1. Jan 10, 2010

### emroz92

Please see the attachment. There I have derived Kirchhoff's Voltage law from Faraday's Induction law. Reply me if I have done something wrong and also notify me if this proof has been made somewhere else.

Thanking you,
EMROZ


### G01

Yeah, the reasoning is fine. What you're doing is stating the electrostatic condition for the curl of the E field.

Essentially, you're taking:

$$\vec{\nabla}\times\vec{E}=0$$

and expressing it in integral form.

This is a well known fact. So, yes it has been done before.

Also, the validity of Kirchoff's Voltage law is not something that is questioned or "unproven." It is a direct consequence Maxwell's equations under electrostatic conditions (as you showed) or, (in my opinion ) more fundamentally, of conservation of energy.

Still, its cool that you derived this result yourself, without any knowledge that the relationship was there! These are the moments that make studying physics really great!

3. Jan 10, 2010

### mikelepore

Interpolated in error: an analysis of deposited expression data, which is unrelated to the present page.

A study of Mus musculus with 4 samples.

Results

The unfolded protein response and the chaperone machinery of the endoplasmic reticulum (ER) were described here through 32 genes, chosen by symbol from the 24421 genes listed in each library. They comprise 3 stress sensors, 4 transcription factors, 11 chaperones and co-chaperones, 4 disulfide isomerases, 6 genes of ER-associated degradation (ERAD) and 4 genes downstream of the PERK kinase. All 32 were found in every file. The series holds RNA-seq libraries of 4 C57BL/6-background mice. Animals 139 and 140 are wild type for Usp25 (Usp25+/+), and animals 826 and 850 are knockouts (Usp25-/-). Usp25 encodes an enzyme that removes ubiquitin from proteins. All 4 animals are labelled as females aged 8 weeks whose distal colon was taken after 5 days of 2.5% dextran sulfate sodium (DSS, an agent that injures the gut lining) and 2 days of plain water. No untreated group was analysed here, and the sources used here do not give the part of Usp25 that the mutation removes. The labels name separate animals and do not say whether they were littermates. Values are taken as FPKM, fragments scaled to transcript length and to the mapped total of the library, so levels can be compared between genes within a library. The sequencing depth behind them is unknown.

Why electrostatic? Under what conditions, if any, is Kirchhoff's voltage law no longer correct? For example, isn't it still true if a changing magnetic flux is passing through the loop?

4. Jan 11, 2010

### Prologue

No, the closed loop integral wouldn't be zero. The changing flux would induce an emf and that means del cross e isn't zero.

5. Jan 11, 2010

### emroz92

Yeah right,
Many books (Halliday, for example) use Kirchhoff's loop law under changing magnetic fields and they use $\E_{L}$ in the equation. Actually, this very emf is the right hand side of the Maxwell's equation and they toggle it to the left hand side and denote it beside the solenoid in the circuit diagram.